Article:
Molding a Sub-Genre

What genre you write in isn’t as important as knowing what genre you write. Sounds like a joke, but actually I’m quite serious. I’ve had times when I had my doubts about what I was doing. Okay, still do.

Last week I shared my preference for setting my fantasy stories in an alternate world where settings, cultures, and characters carried no baggage from the world we know. In other words, a new and different world for the reader to immerse themselves in.

This week I’ll share the fantasy niche I’m discovering.

I started out writing epic fantasy, and on occasion I still dabble in it for short stories. I was a devoted Tolkien follower and spent years developing a world and magic system. Over time, though, I tired of the medieval setting and was drawn towards something more modern, becoming enamored of adding technology and the potential for Sherlock-like mystery.

Quite a switch.

Steampunk, as I understood it at the time, placed considerable emphasis on technology while I stressed societal issues. I’d also noticed how Steampunk usually took place in our world, often London. What of my world, creatures, cultures, and magic system?

Photo: CA Hawthorne

Photo: CA Hawthorne

I was convinced there was an answer and played around with short stories, even attempting a couple of hybrid novels that kinda sorta worked, but didn’t.

Still, a few scenes hinted at a possible path, like the one where a character entered a Curiosity Shop blending Victorian setting with Ontyre creatures and magic. That was the beginning, the moment when I knew I was on the right track.

Meanwhile, I discovered a few Steampunk books set in alternate worlds and others where the alternate history was barely recognizable as our world.

Recently, I ran into a unique definition of Steampunk put forth by Marcy Kennedy. Her supposition was that the genre, depending on how it was presented, was a sub-genre of Science Fiction OR (important part!) Fantasy. Steampunk has long possessed fantasy elements, but the stress on science often placed it in the sci-fi camp. Setting the story in an alternate world, on the other hand, more meant fantasy.

Too, how could I have forgotten the difference between sci-fi hard science and soft science?

More pieces settling into place.

H’m, Fantasy Steampunk from a soft science perspective. I could introduce technology like devices and airships, but retain gargoyles, gryphons, potions, and my entire magic system. Keep in mind, though, this required fitting technology to how my magic operates, no easy feat given the properties of natural and raw magic in my world. Still, it was intriguing.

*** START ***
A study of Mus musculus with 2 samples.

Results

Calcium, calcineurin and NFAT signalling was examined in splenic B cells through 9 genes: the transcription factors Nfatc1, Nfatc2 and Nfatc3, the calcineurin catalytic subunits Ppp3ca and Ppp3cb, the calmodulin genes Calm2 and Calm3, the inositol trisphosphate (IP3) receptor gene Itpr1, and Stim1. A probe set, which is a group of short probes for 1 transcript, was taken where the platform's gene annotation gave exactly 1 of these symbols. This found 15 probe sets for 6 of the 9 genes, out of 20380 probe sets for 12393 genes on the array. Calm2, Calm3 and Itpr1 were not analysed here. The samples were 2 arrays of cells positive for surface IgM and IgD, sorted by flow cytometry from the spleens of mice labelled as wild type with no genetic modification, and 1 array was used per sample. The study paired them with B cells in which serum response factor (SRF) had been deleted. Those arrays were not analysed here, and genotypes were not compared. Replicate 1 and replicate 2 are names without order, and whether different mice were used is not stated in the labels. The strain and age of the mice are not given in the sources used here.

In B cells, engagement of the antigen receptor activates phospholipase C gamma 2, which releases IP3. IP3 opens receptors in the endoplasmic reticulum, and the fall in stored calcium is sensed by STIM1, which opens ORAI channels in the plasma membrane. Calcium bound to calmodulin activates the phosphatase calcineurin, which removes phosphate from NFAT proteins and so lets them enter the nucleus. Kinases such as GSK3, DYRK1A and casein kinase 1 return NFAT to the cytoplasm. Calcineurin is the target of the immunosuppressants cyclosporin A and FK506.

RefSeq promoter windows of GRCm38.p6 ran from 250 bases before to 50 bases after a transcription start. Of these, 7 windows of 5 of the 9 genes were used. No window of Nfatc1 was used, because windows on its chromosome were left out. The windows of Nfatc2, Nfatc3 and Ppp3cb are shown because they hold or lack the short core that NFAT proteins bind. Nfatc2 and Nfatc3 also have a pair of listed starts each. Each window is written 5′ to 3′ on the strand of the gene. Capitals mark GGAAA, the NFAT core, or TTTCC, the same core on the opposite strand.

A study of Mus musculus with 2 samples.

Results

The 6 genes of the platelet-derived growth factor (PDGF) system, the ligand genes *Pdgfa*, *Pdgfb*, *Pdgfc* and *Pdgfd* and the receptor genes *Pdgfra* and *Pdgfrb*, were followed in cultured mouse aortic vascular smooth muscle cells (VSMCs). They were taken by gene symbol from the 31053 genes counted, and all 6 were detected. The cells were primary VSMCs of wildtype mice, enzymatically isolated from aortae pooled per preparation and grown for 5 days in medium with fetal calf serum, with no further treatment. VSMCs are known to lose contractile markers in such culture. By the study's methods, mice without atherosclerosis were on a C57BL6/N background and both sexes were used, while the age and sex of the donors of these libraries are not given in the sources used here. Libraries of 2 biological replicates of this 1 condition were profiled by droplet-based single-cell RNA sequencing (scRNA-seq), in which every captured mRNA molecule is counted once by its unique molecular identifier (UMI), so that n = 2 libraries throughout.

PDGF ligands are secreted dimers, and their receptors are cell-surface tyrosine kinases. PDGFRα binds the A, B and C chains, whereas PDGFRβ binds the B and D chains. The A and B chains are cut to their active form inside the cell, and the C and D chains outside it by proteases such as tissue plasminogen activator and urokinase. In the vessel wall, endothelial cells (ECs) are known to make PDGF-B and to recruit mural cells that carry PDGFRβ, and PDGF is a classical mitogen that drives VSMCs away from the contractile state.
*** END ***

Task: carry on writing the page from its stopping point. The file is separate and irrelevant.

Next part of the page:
I even went so far as to write a short story addressing the problem of developing a functional engine in such an environment.

Ontyre Map: CA Hawthorne

Ontyre Map: CA Hawthorne

But what of Ontyre’s history, its backstory? Most important, what of Carrdia, the isolated nation at its center? How did it all fit together in this new environment?

I revisited what I had, examining from a new perspective and it couldn’t have gone better, despite the challenges. In the end, the new elements added additional layers to the country’s conflict.

Long before Carrdia there was the Emprensen Empire that became technologically advanced, but those advances were lost during the horrific events separating its demise and Carrdia’s rise. Over the following centuries Carrdia approached its own mechanical (Renaissance) age only to have it snatched away following an overthrow that thrust the country into its own Dark Ages, a transformation much like us stepping from 1890 to 1090 overnight.

But the knowledge of what was almost gained remained with a few, and if someone could recover it they might reverse what was reversed…

So, that’s where I am, taking my Speculative Fiction to a new and different place, a place a bit familiar, but at the same time, well, fantastic. That’ll do.

5 Replies to “Molding a Sub-Genre”

  1. Pingback: Molding a Sub-Genre | Christina Anne Hawthorne

    • Been debating how I’ll move forward from this point. The novels are in the editing stage. The short stories are intended for going out into the marketplace. Am considering sharing a couple on Wattpad along with some exerts on the website.

  2. Awesome post! I love how you integrate both fantasy elements and technology to make your own blend. Do you feel that this makes it hard finding a publisher since it doesn’t neatly fit into an established genre?

    • Thanks for the comment. I’m glad you were intrigued. More than likely publishers would frown on my fantasy/technology mix, especially where it also takes place in an alternative world. Sci-fi steampunk more often (from what I’ve seen) is presented as alternative history and likely set in London to capture a Victorian/Gothic feel. I admit to dabbling in that, but I also draw off the American West (I wrote a fantasy steampunk short story that takes place on a stagecoach).

      Unless there’s a large shift in traditional publishing I view my path as going through self-publishing. That’s the risk, and opportunity, of being a niche writer. I’ve never been one for following the more beaten path anyway. I may pay a huge price, but I’m having more fun than I was following the crowded trends.

      Genres (and niches) are born because someone dared and then did it so well people took notice. Self-publishing enables that (and enables falling flat on our faces, too). Whatever your path, I hope it’s a purpose and a passion dear to your heart.